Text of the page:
Will contactless end Britain’s 10-year love affair with Chip and PIN?
First introduced on Valentine’s Day 2006, the requirement for PINs with all point-of-sale card payments has now been mandatory for a decade – but contactless continues to gain traction
Short of time?
The use of four digit PINs with credit and debit card payments – the most secure technology of its time to fight fraud – has been a requirement in the UK for ten years.
In 2003, Barclaycard launched the largest trial of Chip and PIN cards in the world – designed to speed up the point-of-sale payment process and increase security – and became the first card company to launch such a service to the UK.
The company issued cards to over half of the adult population of Northampton and worked with local merchants in the town to deploy Chip and PIN terminals.
Almost 1,000 businesses took part in the trial, from pubs and restaurants to hairdressers, florists and jewellers, as well as retailers such as Asda and Safeway.
The success of the trial helped to establish Chip and PIN as the most secure technology of its time to fight fraud. An industry-wide rollout followed later that year, with the use of four digit codes when making point of sale transactions via a credit or debit card later becoming a mandatory requirement on 14 February 2006.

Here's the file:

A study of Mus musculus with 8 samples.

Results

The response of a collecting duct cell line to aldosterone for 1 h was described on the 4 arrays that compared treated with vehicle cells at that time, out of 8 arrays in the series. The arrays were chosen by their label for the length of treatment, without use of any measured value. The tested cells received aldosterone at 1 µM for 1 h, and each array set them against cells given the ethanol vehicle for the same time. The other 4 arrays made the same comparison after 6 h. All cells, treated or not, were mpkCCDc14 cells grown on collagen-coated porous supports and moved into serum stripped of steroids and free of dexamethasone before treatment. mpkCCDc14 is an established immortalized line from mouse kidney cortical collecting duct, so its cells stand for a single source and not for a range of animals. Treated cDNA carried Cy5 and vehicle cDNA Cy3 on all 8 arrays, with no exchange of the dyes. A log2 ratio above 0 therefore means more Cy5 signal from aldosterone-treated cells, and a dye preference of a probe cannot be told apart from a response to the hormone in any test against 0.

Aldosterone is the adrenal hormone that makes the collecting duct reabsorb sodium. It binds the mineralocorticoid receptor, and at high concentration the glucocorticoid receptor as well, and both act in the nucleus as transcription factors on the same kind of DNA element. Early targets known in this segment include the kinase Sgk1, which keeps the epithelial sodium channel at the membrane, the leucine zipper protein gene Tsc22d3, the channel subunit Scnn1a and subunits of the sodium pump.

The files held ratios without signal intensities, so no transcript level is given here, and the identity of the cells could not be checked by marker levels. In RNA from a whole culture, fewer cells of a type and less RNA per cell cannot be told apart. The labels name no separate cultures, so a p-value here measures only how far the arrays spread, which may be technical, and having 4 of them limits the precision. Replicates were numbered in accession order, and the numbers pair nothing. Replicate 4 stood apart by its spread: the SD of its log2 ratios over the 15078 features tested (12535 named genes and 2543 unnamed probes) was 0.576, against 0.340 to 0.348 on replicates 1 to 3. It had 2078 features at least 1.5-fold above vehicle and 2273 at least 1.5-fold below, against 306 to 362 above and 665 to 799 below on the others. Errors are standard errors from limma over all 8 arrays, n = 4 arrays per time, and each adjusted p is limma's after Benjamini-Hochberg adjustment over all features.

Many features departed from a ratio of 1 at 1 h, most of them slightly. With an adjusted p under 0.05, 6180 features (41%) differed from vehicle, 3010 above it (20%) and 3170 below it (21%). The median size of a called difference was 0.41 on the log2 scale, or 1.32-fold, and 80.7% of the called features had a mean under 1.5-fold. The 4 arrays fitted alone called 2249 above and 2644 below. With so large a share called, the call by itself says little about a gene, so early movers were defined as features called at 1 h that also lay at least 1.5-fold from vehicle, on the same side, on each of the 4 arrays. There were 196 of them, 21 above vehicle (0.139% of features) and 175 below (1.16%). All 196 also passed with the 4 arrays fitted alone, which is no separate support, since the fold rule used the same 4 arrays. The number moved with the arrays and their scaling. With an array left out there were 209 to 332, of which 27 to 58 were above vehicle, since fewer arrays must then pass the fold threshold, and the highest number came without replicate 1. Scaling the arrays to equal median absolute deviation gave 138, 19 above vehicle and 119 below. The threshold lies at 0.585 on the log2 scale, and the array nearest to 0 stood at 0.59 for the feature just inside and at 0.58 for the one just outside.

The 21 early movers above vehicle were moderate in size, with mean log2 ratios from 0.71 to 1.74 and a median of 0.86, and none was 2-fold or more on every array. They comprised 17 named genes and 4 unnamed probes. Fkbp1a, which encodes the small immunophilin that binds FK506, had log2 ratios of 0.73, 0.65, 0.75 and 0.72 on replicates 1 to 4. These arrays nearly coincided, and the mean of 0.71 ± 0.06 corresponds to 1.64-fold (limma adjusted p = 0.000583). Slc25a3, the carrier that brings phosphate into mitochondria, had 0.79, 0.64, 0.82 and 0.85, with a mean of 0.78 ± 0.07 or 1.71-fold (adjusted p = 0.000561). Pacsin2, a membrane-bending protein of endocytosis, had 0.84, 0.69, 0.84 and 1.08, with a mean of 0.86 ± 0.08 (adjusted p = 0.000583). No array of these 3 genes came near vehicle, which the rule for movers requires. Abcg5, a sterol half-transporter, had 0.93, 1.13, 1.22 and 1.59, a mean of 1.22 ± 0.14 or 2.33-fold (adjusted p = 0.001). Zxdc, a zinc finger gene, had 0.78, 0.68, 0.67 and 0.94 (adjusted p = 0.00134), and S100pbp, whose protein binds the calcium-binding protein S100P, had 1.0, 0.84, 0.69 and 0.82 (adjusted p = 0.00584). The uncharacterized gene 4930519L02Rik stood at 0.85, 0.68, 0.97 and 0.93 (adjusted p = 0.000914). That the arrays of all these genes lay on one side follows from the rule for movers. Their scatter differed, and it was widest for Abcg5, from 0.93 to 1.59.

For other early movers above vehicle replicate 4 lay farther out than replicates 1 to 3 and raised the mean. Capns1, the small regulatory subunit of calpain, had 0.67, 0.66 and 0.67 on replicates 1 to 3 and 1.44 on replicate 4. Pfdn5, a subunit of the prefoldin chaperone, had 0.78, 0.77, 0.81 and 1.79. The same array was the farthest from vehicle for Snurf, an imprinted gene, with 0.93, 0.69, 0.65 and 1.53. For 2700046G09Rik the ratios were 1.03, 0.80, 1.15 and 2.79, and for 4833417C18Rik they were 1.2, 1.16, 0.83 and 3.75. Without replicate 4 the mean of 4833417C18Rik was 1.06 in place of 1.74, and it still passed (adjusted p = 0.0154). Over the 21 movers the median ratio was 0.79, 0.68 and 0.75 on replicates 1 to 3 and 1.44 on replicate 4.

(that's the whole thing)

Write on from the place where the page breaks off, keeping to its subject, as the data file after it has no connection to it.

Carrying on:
Recent research by Barclaycard found that Chip and PIN is now a ubiquitous form of payment among business, with 75% of merchants processing sales made this way.
Since the launch of Chip and PIN, Barclaycard, which now handles nearly half of all credit and debit card transactions in the UK, has processed billions of credit and debit card transactions and now has over 300,000 terminals across its acquiring estate.
However, ten years on, the use of new payment technology is rising, with spending made using contactless – where consumers simply tap their credit or debit card to make payments of £30 and under – jumping 164% last year.
A third of merchants now take contactless payments, with a further 17% planning to start accepting this in the near future. One in four now also accepts mobile payments.
The move from businesses towards newer types of payment technology like contactless will come as welcome news to time-pressed consumers, with almost half (48%) now saying that ‘touch and go’ is their preferred payment method, and one in five (19%) feeling annoyed if they can’t pay by contactless.
“The payments industry is continuing to advance at such a lightning pace that it’s easy to forget the days of magnetic stripe cards and the clunky carbon copy ‘zip zap’ machines,” said Tami Hargreaves, commercial director for digital consumer payments at Barclaycard.
“While ten years ago Chip and PIN was seen as revolutionary for speeding up the transaction process, the recent rise in contactless has made buying and selling even faster, making it a win-win for both shoppers and retailers.”